The financial world has gone mad…

When Snap reported “earnings” (I call them losses, big losses) this week – media headlines were strangely over-the-moon with praise, from TechCrunch (“Snap shares skyrocket on first earnings beat with revived user growth”) to The Wall Street Journal (“Snap Climbs Back Above IPO Price After ‘Shocker’ Earnings”).

The theory was that Snap had reported “better-than-expected earnings.” Thanks to these headlines, over February 7 and 8, Snap shares rocketed up 48% though they have fallen off somewhat since then.

Having perused  Snap’s “earnings” report here’s my headline-

Snap losses surge 106% to $350 million in Q4, and 570% to $3.4 billion for the year, the most ever.

Snap lost more money than it generated in revenues; what is it doing with all this money?

Snap spent (“invested”) US$820 million in cash in 2017, but that’s ok as it still has US$2 billion from investors in the bank and can keep going at this loss rate till 2019, so no problem(?).

Snap Q4 loss soars to $350 million, on $286 million in revenues. Lets think about this fact briefly.  Losses are expanding faster than revenues, and from a bigger base, which appears to be reaching for financial disaster, but it’s no problem for analysts.

Twitter does a Snap or an Uber or a Netflix

Twitter also reported earnings this week, and the media headlines showered it with praise, from The New York Times (“Twitter Has Good News for Once: Its First Quarterly Profit”) to CNBC (“Twitter rockets more than 20 percent after the company reports first-ever net profit”).

Twitter’s shares jumped 27% on the announcement, after they’d already soared 60% over the past year on takeover hype that never materialised but keeps getting mentioned to pump up shares. Since the spike following the earnings announcement, shares have declined 10%.

So here’s my view of  Twitter’s situation:

Twitter 2017 total revenues shrink 3.4% vs 2016, but Q4 revenues up a measles 2%, as company embarks on aggressive cost-cutting as strategy. Twitter makes $91 million in Q4 profit after gutting R&D and sales and marketing expenses, which might explain revenue stagnation. But still loses $457 million for the year. The firm cuts $68 million from R&D and $71 million from sales and marketing expenses in Q4, trying to shrink itself to growth. Good luck with that!

Tesla the magician 

Tesla’s earnings report late Wednesday triggered more truthful headlines, as it is becoming increasingly difficult, even for the blind media, to willingly fall for Tesla’s repeated hype and broken promises.  So these mixed headlines ranged from The Street (“Tesla’s Earnings Report Was Remarkably Drama-Free, by Its Standards”) to CNBC (“Tesla shares fall as Wall Street doubts the slowing cash burn is for real”).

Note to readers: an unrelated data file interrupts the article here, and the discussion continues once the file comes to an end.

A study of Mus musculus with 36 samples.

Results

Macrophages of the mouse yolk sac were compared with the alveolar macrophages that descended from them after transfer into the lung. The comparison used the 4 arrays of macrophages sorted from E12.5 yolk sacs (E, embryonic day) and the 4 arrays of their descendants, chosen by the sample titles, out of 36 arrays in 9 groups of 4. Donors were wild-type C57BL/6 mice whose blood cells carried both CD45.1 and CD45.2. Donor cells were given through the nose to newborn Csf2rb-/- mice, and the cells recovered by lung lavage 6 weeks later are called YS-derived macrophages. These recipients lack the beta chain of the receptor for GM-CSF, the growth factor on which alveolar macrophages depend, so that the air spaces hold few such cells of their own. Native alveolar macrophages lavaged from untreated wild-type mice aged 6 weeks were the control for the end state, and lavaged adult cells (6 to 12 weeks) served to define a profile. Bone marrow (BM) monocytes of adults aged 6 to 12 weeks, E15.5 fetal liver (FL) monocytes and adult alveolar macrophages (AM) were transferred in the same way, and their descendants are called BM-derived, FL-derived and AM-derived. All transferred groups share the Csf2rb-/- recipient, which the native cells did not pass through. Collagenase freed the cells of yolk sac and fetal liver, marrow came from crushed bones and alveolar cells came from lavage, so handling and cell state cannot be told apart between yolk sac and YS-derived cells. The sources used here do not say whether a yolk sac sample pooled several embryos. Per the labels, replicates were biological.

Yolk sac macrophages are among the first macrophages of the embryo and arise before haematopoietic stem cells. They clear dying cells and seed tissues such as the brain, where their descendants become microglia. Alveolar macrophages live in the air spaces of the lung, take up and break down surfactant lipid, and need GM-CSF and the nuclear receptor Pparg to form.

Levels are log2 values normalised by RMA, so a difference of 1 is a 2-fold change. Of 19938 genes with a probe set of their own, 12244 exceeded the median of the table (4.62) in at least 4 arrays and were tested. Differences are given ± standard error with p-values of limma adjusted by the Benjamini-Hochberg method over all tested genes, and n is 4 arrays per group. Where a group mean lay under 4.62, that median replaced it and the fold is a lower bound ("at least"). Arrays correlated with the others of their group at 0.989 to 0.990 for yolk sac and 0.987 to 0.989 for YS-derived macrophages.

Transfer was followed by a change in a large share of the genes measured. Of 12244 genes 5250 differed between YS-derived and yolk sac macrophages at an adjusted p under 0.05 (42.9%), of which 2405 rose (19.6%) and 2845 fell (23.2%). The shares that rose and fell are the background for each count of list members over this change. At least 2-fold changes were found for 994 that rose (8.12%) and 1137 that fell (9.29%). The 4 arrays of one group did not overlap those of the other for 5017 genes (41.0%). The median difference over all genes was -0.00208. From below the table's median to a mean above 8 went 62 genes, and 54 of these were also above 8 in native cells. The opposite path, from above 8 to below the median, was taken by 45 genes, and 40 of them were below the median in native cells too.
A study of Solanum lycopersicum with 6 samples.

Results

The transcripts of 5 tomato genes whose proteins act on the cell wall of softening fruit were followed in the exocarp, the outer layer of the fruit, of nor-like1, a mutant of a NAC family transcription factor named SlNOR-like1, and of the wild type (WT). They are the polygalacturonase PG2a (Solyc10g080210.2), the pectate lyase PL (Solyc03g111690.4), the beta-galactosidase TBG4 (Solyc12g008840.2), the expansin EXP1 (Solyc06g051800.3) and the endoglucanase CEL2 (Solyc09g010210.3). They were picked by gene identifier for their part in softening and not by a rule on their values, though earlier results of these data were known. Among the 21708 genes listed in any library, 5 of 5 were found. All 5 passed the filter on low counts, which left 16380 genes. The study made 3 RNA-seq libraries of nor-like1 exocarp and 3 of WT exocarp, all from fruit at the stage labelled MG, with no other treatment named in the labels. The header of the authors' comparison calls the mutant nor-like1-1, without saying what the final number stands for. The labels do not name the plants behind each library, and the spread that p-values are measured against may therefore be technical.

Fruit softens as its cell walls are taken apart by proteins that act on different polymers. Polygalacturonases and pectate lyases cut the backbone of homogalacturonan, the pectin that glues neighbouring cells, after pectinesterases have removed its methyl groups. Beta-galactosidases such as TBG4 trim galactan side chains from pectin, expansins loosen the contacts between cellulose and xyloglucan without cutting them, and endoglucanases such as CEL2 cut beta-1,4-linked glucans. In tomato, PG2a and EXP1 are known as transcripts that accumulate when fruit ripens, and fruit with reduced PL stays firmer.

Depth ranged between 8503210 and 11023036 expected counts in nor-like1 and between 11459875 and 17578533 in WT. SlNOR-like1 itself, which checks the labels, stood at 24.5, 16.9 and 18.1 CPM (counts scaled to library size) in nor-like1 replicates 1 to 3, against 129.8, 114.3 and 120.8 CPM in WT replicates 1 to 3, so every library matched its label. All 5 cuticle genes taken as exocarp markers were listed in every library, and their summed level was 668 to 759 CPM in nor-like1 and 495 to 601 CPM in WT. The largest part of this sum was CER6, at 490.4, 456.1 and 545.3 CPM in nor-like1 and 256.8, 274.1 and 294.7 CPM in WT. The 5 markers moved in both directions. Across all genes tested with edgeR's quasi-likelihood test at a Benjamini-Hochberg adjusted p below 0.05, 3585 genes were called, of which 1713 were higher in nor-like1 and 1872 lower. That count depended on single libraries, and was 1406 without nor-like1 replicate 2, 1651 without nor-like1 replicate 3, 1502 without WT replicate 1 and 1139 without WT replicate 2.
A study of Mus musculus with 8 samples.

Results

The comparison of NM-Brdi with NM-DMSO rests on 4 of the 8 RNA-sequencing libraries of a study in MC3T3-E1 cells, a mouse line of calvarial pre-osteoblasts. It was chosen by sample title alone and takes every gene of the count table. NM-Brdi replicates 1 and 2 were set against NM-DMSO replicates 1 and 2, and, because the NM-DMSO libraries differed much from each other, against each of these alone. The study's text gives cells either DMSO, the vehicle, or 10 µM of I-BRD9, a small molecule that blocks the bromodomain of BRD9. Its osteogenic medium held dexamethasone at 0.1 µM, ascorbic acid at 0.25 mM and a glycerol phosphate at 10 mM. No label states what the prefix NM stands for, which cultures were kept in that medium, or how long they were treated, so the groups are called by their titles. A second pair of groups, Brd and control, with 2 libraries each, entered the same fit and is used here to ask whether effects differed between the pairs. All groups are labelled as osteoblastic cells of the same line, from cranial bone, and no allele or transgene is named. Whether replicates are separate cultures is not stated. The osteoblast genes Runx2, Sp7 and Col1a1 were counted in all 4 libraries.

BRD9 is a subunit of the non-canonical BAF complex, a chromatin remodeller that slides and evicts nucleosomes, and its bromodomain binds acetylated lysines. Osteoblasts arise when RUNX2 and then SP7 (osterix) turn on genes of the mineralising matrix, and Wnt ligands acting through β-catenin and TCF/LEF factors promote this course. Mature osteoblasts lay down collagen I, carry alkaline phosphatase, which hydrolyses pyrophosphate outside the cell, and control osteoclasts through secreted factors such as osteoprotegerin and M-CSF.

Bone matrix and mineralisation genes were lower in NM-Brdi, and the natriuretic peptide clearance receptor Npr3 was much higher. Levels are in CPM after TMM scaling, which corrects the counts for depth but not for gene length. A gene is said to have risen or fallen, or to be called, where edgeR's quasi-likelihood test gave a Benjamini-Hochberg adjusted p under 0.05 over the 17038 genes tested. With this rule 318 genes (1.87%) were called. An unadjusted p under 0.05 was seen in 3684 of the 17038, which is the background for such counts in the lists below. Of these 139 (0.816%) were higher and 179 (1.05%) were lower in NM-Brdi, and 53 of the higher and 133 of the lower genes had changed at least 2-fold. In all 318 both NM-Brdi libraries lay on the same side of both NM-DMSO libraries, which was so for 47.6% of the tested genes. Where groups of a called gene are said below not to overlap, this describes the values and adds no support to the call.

Before the “earnings” report, Tesla shares traded at $345, giving it a market capitalization of $58 billion. Shares have since fallen about 10% to $309. A more realistic view could be…

Tesla loses $675 million, the most ever, in Q4, and nearly $2 billion for the year, also the most ever.  Tesla has no clue when or if its $36,000 Model 3 will ever be mass-produced having failed to meet 2017 promises… except to put it in space to draw attention from awful results.

Tesla would lose so much money on its Model 3 that it cannot afford to mass-produce it, if it actually could mass-produce it.

Tesla shows “slowing cash” spending caused by its failure to mass-produce cash-guzzling $36,000-Model 3.   Tesla cut capital expenditures by $223 million to show a slowing cash investment, just when it should invest more to get production going.

Tesla’s global market share is an invisible 0.1%. So I wonder why is its market cap $58 billion?

Tesla now ominously “targets” rather than “forecasts” a production rate of its Model 3 of “2,500 by the end of Q1 and 5,000 by the end of Q2,” nearly a year behind prior hype, and might never get there.  Tesla is really spooking Analysts with it backtracking on prior promises. The production “forecast” has now been demoted to “levels we are focused on hitting.” So these are no longer “forecasts.”

It adds even more ominously that “our prior experience on the Model 3 production ramping up  has demonstrated the difficulty of accurately forecasting specific production rates at specific points in time.” OK, all prior statements are out the window.

There is no telling when Tesla’s nonsense will finally hit its shares as investors flee from this endless sea of fake promises. But for now, investors still cling to the magic.